In the wake of the shootings in Arizona, our nation is struggling with grief - and struggling with what to say to someone who is grieving.
“People are very uncomfortable when they try to comfort someone who is grieving. If you say the wrong thing, you can actually make matters worse,” said Aurora Winter, Founder of the Grief Coach Academy, and author of “From Heartbreak to Happiness.”
Here are some tips on what to say at a funeral or wake to comfort people in bereavement:
You’re not alone - I’m here.
I can’t imagine how painful this must be for you.
My heart goes out to you.
What specifically can I do to support you?
Grief is a normal and natural reaction to loss.
Don’t feel bad.
Be grateful you had her so long.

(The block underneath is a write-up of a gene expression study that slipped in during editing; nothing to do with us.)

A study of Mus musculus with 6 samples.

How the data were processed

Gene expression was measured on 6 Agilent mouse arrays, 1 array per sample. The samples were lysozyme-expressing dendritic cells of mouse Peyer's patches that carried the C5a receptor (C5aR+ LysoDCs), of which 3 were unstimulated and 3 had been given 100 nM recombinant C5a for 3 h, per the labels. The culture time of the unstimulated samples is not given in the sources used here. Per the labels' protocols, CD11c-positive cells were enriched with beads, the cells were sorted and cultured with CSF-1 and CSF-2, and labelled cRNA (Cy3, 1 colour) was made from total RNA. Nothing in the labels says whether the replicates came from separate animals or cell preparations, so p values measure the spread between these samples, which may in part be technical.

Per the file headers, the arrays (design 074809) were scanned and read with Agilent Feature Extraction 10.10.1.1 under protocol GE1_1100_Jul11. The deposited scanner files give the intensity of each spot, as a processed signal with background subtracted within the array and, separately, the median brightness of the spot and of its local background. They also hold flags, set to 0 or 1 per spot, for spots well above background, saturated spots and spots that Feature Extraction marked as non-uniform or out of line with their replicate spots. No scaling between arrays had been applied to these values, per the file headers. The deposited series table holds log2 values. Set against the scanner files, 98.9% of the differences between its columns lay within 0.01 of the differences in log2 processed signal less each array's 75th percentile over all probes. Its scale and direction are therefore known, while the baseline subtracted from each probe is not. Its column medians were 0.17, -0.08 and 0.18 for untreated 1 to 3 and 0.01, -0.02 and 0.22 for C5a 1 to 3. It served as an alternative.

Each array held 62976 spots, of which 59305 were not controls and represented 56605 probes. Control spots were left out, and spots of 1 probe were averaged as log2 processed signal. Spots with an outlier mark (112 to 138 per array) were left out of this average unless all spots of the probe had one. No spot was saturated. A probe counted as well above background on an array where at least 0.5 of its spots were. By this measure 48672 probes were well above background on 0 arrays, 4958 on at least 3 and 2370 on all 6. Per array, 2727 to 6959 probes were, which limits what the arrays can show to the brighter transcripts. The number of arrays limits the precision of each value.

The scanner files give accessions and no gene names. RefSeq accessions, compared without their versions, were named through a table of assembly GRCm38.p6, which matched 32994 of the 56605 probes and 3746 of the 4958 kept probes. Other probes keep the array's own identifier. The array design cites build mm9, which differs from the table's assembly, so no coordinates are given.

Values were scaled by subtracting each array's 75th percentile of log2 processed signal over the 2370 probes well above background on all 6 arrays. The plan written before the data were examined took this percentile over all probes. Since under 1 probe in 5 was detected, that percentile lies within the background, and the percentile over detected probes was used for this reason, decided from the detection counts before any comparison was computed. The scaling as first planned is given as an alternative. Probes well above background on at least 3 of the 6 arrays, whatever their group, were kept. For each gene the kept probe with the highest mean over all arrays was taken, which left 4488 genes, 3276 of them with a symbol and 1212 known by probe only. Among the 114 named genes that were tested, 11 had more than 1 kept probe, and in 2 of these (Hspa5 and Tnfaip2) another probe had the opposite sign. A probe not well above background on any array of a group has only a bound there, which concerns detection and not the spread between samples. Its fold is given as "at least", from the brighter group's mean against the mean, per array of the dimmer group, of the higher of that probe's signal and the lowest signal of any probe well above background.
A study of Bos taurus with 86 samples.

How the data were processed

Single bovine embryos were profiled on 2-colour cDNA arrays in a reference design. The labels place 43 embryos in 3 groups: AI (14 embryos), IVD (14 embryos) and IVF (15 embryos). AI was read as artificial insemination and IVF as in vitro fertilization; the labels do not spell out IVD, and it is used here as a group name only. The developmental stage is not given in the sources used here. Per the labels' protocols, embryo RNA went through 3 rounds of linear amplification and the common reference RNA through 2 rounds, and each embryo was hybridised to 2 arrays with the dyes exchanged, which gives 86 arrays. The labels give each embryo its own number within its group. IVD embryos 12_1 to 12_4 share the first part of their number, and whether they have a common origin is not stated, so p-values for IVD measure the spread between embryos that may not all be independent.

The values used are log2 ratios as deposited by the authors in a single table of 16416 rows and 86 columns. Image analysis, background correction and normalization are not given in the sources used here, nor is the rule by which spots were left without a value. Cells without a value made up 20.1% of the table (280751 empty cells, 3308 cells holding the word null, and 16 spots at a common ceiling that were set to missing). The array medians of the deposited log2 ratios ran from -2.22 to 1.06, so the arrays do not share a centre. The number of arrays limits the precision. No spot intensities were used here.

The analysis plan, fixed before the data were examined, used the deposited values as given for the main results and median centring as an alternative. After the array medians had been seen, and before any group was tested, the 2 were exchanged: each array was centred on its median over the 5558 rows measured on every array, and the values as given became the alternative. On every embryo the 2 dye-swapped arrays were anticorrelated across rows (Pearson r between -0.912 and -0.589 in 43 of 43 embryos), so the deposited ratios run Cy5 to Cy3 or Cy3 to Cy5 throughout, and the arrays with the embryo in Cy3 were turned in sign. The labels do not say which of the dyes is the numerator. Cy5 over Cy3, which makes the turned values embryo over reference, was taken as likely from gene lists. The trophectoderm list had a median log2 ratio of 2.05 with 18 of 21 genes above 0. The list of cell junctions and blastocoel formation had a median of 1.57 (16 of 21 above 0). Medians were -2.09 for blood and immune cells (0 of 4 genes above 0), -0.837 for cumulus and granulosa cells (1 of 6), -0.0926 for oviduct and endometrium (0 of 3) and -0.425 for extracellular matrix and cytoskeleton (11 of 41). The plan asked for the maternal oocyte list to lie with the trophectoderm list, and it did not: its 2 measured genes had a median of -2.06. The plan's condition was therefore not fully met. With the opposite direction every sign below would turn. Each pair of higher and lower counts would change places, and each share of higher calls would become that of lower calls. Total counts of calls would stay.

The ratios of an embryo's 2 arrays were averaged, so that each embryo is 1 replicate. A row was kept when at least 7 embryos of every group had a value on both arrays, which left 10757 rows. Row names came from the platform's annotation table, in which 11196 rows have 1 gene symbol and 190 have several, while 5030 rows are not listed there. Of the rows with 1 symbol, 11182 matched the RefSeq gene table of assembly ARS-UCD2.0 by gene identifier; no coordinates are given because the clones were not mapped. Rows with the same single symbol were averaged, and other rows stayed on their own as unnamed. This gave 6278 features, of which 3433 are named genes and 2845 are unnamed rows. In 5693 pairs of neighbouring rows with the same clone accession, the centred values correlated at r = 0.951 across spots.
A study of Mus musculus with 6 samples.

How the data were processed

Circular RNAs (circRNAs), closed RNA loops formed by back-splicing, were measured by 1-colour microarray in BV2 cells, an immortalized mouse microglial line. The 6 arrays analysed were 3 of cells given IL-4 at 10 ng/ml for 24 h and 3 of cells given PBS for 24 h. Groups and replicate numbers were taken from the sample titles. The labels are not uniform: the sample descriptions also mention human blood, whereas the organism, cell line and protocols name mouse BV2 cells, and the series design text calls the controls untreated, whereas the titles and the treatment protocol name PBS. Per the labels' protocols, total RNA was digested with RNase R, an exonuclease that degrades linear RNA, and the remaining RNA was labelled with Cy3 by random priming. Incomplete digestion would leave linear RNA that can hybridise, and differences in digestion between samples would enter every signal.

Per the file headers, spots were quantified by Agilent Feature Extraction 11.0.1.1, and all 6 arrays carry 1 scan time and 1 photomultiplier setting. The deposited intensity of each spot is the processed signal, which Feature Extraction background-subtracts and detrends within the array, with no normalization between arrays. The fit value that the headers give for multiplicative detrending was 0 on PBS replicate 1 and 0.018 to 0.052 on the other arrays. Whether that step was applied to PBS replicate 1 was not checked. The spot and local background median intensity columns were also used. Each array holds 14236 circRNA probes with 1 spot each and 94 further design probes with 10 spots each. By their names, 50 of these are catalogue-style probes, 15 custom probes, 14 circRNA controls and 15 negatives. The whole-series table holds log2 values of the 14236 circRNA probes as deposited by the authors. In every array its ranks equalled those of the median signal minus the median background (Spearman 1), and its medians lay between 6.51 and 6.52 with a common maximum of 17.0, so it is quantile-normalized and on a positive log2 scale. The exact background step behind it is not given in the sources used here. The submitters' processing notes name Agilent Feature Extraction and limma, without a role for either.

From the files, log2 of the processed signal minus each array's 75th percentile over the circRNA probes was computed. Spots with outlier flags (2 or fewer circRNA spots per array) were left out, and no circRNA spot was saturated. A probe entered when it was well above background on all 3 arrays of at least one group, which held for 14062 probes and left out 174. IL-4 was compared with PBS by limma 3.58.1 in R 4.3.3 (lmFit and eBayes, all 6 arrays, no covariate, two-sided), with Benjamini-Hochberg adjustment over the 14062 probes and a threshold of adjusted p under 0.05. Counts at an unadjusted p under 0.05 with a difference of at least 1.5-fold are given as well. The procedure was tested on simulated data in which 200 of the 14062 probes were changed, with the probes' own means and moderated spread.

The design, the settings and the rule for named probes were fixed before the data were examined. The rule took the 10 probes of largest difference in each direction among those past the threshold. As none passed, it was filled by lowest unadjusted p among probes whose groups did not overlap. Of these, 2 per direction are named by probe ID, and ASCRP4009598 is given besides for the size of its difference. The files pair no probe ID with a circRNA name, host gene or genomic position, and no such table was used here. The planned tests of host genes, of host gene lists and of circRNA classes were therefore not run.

At least you have other children.
You’re young. You can get another husband/wife/child.
It just takes time.
“Time alone does not heal,” says Winter, who founded the Grief Coach Academy after the death of her husband. She is passionate about helping grieving people. “The right actions heal. Get support and talk to someone, such as a certified grief coach.”
It is a relief to a grieving person to talk about their loss. Here are 3 steps to supporting someone who is in bereavement:
Acknowledge (their feelings and the situation)
Listen without fixing
Give hope and encouragement
If you are at a loss for words, there is nothing wrong with being authentic and simply stating, “I don’t know what to say.” “Healing is a process, and there is a light at the end of the tunnel,” says Aurora.
Aurora’s book “From Heartbreak to Happiness” is her intimate diary of healing after her husband died suddenly at the age of 33, leaving her widowed with a 4-year-old son. “If I can go from heartbreak to happiness, you can, too,” says Aurora.